Sally Yates's Mistake

You can’t fire me; I quit.

Photographer: Pete Marovich/Getty Images

President Donald Trump’s executive order temporarily banning people from seven Muslim-majority countries is un-American, dangerous and probably illegal, and the public response has been heartening: marches at airports, lawsuits, judicial stays, even some Republican criticism. Former acting Attorney General Sally Yates, however, went a step too far.

Yates told Justice Department staff members on Monday not to defend the order in court. Hours later, she was fired.

President Donald Trump was justified in doing so. The attorney general’s job is not to evaluate the wisdom of an executive order or a law, but rather to enforce those that are legally promulgated and passed. Once the department’s Office of Legal Counsel has affirmed this -- as it did with Trump’s immigration ban -- the Department of Justice has a duty to enforce it and defend it in court.

That said, the manner of Yates’s dismissal does not reflect well on the administration. The White House announcement of her removal was needlessly and inappropriately petulant, calling her “weak on borders and very weak on immigration.”

Just as depressing has been the congressional response to Yates’s firing. Democrats are treating her insubordination as a uniquely heroic act, even though it was at least partly political. Republicans, meanwhile, have tried to have it both ways: During her confirmation hearings in 2015, Republicans expressed hope that Yates would “show independence” from the White House and reminded her that her client was “the people of the United States -- not the president.” Yet most Republicans are now backing Trump’s firing.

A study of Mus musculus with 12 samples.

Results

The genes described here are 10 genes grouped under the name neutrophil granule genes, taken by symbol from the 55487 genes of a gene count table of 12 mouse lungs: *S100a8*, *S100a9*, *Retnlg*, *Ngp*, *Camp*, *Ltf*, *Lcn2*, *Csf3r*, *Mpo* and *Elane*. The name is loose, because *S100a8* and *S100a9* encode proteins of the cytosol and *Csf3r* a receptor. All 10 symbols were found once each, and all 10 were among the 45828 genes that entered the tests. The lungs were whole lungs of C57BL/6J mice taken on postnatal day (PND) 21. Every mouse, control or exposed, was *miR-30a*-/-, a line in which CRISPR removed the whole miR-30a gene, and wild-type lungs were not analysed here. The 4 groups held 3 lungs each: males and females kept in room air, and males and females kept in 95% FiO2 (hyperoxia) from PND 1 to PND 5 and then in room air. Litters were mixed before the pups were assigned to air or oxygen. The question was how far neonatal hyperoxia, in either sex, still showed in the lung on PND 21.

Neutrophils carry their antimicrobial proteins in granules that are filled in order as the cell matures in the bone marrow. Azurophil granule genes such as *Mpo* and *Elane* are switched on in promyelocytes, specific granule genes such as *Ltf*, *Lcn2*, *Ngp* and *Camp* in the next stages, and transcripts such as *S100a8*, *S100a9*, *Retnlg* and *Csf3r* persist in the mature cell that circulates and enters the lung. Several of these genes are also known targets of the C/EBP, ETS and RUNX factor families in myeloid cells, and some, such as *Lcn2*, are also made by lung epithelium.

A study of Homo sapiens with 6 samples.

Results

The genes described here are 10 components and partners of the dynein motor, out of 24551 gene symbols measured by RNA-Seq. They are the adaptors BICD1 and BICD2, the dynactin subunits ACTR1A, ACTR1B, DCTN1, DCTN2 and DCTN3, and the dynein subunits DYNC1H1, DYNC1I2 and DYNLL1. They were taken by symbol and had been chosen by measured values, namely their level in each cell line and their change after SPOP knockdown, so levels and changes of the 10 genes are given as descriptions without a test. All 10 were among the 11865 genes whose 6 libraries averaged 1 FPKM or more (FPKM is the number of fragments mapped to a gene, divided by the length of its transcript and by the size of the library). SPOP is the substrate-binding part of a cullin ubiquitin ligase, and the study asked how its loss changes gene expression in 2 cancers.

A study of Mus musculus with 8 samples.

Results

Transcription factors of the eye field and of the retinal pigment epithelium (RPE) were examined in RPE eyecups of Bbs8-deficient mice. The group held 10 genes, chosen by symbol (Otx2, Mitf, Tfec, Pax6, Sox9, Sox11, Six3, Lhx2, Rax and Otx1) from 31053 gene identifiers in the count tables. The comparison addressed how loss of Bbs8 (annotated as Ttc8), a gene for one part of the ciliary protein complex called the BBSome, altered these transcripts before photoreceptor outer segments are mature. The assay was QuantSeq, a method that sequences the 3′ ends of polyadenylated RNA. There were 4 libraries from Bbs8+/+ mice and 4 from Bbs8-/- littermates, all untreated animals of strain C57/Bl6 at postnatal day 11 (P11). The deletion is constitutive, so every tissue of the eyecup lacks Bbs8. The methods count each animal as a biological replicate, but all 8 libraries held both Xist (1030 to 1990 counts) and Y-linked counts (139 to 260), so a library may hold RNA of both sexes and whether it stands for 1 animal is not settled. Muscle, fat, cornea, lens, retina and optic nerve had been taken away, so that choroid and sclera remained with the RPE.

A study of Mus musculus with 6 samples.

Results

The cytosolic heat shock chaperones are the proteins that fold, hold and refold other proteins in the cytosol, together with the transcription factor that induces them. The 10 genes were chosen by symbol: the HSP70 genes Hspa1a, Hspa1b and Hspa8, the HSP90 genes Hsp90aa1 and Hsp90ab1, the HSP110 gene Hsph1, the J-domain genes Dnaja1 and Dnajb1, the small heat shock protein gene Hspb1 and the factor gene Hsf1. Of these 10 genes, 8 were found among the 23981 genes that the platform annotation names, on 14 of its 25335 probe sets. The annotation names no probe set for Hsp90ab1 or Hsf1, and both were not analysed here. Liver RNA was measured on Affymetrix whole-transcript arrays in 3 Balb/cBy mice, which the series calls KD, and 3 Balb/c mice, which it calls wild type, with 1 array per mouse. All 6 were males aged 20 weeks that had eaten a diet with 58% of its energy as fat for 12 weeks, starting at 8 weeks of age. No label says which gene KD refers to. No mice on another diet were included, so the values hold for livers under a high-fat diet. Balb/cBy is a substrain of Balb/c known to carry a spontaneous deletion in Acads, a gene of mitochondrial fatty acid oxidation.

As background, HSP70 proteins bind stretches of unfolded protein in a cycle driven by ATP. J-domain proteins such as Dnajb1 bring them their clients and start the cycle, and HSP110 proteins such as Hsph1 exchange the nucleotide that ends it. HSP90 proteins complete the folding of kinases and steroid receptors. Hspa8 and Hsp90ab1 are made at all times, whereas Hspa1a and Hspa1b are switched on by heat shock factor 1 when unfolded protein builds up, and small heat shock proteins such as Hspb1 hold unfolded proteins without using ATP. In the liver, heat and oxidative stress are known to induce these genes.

However sympathetic one may be to Yates’s view, an orderly democratic society depends on a respect for -- and adherence to -- the law. When public officials begin to pick and choose which laws to follow, the foundation of democratic governance begins to crumble. If Yates could not in good conscience do her job, the proper thing for her to do would have been to resign. A public letter detailing her objections to Trump’s policy would have accomplished the same goal without undermining the rule of the law that she has honorably devoted her career to upholding.

To contact the senior editor responsible for Bloomberg View’s editorials: David Shipley at davidshipley@bloomberg.net.